Lehigh University Singleton, Hitch, and Maida Residential Houses

Lehigh University
Bethlehem, PA
245,000 SF
LEED® Silver
Additional Services
Interior Design
Landscape Architecture
Completed fall 2020
Boston Society of Architects, Built Design Excellence, Social Impact Advancement Commendation
American Institute of Architects (AIA) New England Design Awards, Honor Award – Educational Category
Society for College and University Planning/American Institute of Architects Committee on Architecture for Education (SCUP/AIA-CAE), Merit Award in Excellence in Architecture for a New Building

In 2016, Sasaki began working with Lehigh University to transform the student residential experience on campus. After identifying a long-term strategy for renovating existing housing, taking outdated buildings offline, and adding capacity to support the school’s growth, the school and the design team identified what was missing on campus: hangout and group study spaces and a “bridge” typology that offers more privacy than a traditional dormitory but more community than apartment-style housing.

The new residential houses provides this desired space by strategically weaving together a common route where students can make connections and strengthen their residential community. The design also includes a cohesive strategy for open space that respects the historic campus character and steep topographic conditions.

The buildings are sculpturally crafted within the scale of Lehigh’s traditional residence halls. The material palette picks up on the campus’ prevalent Pennsylvania bluestone and metal roofs, while the ironspot brick alternating between smooth and rusticated textures harmonize with the iron-rich local stone used on surrounding buildings. 

Designed for Connection

The campus is currently organized around east-west terraces with few north-south (up/down hill) connections given Lehigh’s steep topography. The new housing complex, comprising the South Cluster and North Cluster buildings, adds a new accessible public route that traverses six stories of grade change and links together student life programs. The design also opens up views and new outdoor spaces that connect the campus’s historic core to the residential hillside. The final design successfully reconnects the residential experience to the broader heart of campus with a sustainable and contemporary living environment.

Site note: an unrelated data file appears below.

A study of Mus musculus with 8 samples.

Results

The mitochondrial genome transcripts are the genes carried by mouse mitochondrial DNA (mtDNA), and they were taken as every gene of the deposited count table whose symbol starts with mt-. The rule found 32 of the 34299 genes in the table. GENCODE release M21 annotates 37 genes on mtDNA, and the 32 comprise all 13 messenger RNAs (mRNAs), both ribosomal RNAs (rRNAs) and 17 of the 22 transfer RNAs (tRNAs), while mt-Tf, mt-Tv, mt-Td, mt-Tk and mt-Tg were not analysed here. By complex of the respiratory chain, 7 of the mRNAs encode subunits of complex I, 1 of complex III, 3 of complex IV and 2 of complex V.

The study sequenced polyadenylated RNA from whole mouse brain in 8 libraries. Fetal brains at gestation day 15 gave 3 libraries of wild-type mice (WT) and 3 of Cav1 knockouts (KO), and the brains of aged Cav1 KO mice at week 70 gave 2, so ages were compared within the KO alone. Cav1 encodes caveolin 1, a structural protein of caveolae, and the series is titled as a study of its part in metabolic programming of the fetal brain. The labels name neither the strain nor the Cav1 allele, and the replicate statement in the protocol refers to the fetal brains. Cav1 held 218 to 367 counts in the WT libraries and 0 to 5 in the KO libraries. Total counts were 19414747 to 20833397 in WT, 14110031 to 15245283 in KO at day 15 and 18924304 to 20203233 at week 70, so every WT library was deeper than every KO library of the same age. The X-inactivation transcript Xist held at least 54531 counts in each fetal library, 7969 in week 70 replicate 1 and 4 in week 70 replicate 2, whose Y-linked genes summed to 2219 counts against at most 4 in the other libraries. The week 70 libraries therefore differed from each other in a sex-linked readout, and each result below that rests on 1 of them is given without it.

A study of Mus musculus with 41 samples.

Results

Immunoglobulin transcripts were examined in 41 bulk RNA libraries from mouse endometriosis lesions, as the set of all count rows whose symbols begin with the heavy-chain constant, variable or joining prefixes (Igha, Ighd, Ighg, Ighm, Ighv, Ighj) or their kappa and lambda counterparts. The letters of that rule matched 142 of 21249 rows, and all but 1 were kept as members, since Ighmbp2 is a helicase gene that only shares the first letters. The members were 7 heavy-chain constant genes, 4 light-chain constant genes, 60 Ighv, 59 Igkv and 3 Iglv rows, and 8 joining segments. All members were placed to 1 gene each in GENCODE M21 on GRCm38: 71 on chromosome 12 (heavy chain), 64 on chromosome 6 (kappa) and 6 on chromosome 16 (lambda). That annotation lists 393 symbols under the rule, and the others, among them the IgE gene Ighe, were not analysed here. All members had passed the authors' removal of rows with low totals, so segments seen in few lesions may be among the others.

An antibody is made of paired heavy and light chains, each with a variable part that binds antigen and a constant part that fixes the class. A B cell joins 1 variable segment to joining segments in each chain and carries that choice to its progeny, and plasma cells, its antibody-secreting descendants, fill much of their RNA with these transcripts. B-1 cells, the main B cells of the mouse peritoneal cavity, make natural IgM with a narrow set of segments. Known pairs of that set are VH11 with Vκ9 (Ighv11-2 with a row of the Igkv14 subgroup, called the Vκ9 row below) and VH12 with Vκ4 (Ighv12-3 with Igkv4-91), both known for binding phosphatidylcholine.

An Integrated Landscape

The landscape design, in addition to bridging large variations in elevation, provides active spaces that flow from indoor student life venues to new outdoor recreational opportunities. The team studied the ecology of the surrounding woodlands to fine-tune plantings and update the core campus’s parklike landscape to provide habitat restoration and stormwater management. These efforts extend onto the green roofs of the buildings, connecting the entire complex to its landscape.

Architectural Character

The central campus includes dramatic views and stone buildings that are experienced in the round. At the campus periphery, long, linear residential buildings form courtyards. The new buildings echo the solid, prismatic forms of the core campus while also framing new, active courtyards. Their forms are inspired by the campus context of late-19th century stone and brick laboratories and housing on a dramatic, lush mountainside landscape.

The Student Experience

The new housing cluster will foster student wellness, with a balance of work and play while providing community identity.  Key programs, including classrooms, a fitness center, a café, and multi-purpose spaces support mental and physical health for students immersed in rigorous academic programs. As a university with five colleges and a variety of degree programs that emphasize project-based learning — Lehigh presents an opportunity to foster an intellectual life based on interpersonal connection.


Reflecting Lehigh’s impressive history as a leader in science and engineering, environmental stewardship and sustainability are key components of the neighborhood. Specific strategies proposed include an integrated suite of stormwater management components, energy-efficient building systems, and a solar hot-water demonstration system.

Take a tour of the three new buildings with our client at Lehigh:

For more information contact Vinicius Gorgati.